Durham County's voters are served by election workers who staff early voting sites, as well as precinct officials who serve Election Day polling places.To apply to be a precinct official, please click the link below to complete our application!
Opportunities to Serve as an Election Worker
Precinct Officials (Serving on Election Day)
These positions are appointed by the Board of Elections, based upon recommendations from Durham County's political parties. Persons appointed must be registered voters of Durham County, of good repute and able to read and write. No person may serve who holds an elective office, is a candidate for office, is a manager or treasurer for any candidate or holds any office in a political party.
Appointment process for chief judge and election judges: Precinct election officials, one chief judge and two judges per precinct, are appointed by the Durham County Board of Elections. Appointments for two-year terms are made in August of odd-numbered years.
Election Day Polling Place Positions
- Chief Judge: The Chief Judge has primary responsibility for conduct of elections in his or her precinct. In this capacity, the Chief Judge contacts responsible parties at the polling site to make arrangements for each election and contacts the Judges and other precinct assistants to confirm their availability. The Chief Judge coordinates election day activities, including resolution of any problems that may arise. Responsibilities include picking up election day supplies, as scheduled, before each election. The Chief Judge calls and conducts a planning meeting in the polling place on Monday prior to each election.
- Election Judges: Judges work closely with the Chief Judge. In the absence of the Chief Judge, a Judge may be appointed to serve as Chief Judge during a given election. The signature of each Judge goes on all official election day returns. If a voter challenge occurs, the Chief Judge and two Election Judges resolve the challenge as a panel.
- Emergency Judges: For each election, some judges are designed as Emergency Judges who can serve as backups in the event that Chief Judges or Election Judges are absent, or to assist the Board of Elections with other Election Day duties that arise.
- Election Assistants: Assistants may be hired to serve Election Day polling places. The Chief Judge assigns all duties and provides training at the pre-election planning meeting immediately prior to each election.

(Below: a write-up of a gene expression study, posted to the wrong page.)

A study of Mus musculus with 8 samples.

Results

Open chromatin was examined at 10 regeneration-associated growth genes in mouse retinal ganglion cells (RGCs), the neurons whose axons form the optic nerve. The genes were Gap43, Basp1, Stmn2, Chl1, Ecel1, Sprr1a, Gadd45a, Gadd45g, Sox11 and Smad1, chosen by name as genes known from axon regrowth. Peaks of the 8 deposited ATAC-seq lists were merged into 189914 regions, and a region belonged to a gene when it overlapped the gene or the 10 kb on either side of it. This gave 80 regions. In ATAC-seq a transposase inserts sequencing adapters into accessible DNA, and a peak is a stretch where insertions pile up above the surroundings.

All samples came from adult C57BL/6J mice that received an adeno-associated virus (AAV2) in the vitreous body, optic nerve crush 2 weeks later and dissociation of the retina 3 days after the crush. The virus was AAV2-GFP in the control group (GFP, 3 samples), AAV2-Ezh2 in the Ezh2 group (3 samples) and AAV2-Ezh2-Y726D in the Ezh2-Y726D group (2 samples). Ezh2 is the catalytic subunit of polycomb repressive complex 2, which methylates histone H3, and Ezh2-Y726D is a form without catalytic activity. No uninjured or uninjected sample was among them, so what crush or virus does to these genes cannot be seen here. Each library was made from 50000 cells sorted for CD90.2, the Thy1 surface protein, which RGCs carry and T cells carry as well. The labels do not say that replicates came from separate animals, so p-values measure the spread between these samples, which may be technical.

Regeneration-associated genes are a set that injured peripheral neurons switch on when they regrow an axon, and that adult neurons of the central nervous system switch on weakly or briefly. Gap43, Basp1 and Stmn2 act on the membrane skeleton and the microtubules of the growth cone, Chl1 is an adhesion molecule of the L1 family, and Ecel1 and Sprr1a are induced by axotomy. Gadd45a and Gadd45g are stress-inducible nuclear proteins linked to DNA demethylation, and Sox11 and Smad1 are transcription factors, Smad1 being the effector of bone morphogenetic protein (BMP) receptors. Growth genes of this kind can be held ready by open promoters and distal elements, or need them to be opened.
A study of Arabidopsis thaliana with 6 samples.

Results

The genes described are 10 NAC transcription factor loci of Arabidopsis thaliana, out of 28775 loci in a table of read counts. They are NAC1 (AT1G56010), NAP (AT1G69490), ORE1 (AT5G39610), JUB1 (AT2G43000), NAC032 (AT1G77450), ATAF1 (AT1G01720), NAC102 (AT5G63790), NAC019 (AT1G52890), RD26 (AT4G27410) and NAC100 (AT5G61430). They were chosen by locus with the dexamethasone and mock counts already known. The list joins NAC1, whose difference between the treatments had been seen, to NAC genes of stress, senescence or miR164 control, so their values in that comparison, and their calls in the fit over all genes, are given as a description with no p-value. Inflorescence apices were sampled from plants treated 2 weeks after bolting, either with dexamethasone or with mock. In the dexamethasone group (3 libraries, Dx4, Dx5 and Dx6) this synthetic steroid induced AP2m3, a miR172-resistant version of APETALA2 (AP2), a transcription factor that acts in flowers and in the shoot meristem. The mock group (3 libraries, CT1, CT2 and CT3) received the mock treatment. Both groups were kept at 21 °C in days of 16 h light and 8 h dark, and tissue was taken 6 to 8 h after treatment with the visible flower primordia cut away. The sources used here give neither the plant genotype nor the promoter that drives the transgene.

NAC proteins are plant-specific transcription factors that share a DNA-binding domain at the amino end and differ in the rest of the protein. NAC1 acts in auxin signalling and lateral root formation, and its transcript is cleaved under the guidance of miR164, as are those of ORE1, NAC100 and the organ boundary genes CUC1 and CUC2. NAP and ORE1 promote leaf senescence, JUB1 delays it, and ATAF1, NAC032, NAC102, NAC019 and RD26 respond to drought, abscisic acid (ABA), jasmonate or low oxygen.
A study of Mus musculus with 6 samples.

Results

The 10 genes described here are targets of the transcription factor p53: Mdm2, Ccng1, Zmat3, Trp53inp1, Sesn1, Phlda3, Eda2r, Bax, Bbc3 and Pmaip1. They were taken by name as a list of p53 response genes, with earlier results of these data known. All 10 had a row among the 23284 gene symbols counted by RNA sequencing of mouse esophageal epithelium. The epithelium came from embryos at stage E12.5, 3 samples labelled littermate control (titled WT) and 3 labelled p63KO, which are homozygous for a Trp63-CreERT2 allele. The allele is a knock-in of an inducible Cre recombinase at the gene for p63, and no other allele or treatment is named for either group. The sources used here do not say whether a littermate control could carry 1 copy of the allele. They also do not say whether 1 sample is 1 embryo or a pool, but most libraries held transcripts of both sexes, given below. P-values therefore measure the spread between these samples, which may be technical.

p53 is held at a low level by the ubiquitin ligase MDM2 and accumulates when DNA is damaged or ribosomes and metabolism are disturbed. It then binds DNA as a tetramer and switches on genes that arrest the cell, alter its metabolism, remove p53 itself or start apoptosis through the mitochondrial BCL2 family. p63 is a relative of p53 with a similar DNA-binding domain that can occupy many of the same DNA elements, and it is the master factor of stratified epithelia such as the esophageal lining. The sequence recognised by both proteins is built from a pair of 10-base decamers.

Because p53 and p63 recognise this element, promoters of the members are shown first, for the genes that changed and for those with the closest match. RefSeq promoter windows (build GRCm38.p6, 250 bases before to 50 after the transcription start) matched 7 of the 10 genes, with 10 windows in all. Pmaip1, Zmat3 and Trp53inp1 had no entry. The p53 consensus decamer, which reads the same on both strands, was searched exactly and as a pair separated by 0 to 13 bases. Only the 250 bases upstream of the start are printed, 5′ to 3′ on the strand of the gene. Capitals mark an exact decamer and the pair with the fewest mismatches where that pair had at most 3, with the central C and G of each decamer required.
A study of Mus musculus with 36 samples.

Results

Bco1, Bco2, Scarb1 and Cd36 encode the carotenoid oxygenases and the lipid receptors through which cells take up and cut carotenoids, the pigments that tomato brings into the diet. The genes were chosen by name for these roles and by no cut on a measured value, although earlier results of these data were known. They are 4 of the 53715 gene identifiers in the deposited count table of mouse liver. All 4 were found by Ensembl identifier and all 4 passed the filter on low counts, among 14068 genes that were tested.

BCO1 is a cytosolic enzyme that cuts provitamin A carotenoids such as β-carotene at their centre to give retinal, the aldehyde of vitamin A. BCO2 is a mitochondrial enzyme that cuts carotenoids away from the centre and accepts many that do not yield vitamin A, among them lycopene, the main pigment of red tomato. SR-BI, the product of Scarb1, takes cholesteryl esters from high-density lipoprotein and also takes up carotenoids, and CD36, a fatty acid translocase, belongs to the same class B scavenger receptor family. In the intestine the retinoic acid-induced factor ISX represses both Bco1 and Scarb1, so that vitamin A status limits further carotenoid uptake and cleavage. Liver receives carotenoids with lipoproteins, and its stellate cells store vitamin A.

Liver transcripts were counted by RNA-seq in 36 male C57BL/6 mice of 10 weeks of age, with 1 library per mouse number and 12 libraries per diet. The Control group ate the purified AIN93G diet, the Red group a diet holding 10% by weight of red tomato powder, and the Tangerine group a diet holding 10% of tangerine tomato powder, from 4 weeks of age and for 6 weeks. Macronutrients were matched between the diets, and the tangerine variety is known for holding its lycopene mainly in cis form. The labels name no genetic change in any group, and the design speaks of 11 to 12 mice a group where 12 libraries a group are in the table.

- The Board of Elections may also appoint or designate positions to provide technical support or "rovers" to run materials or provide information to polling places.
Early Voting Workers
The Board of Elections will also assign workers to staff early voting sites, open during the two-and-a-half weeks prior to Election Day. Early voting sites and schedules vary by election.
State law provides that all officials will attend a training session conducted by the local Board of Elections prior to each major primary and election. The training includes specific instructions for each election. Election workers are paid for attendance.
When Would I be Working?
There are generally four or five elections or primaries scheduled in each two-year appointment term of precinct officials. In addition to these predictable elections, special elections may be scheduled by the State, or in some cases, a local government.
- Elections are always held on a Tuesday
- Early voting runs from the third Thursday prior to Election up until the last Saturday before Election Day
- On Election Day, polling places are open from 6:30 a.m. until 7:30 p.m.
- Officials must be in the voting place by 6:00 a.m. and remain until all votes have been counted and all documents signed (evening hours)
- Smoking is not permitted in the voting enclosure.
- Election workers are not permitted to wear campaign buttons or political accessories.
- Election workers may not advocate for or against any candidate or party on the ballot while serving.
Multipartisan Assistance Team (MAT): This is a team of persons appointed by the Board of Elections provide assistance for certain voters in completing mail-in absentee ballots.
If you would like more information on becoming an election worker, contact the Board of Elections at Elections@dconc.gov or call (919) 560-0700.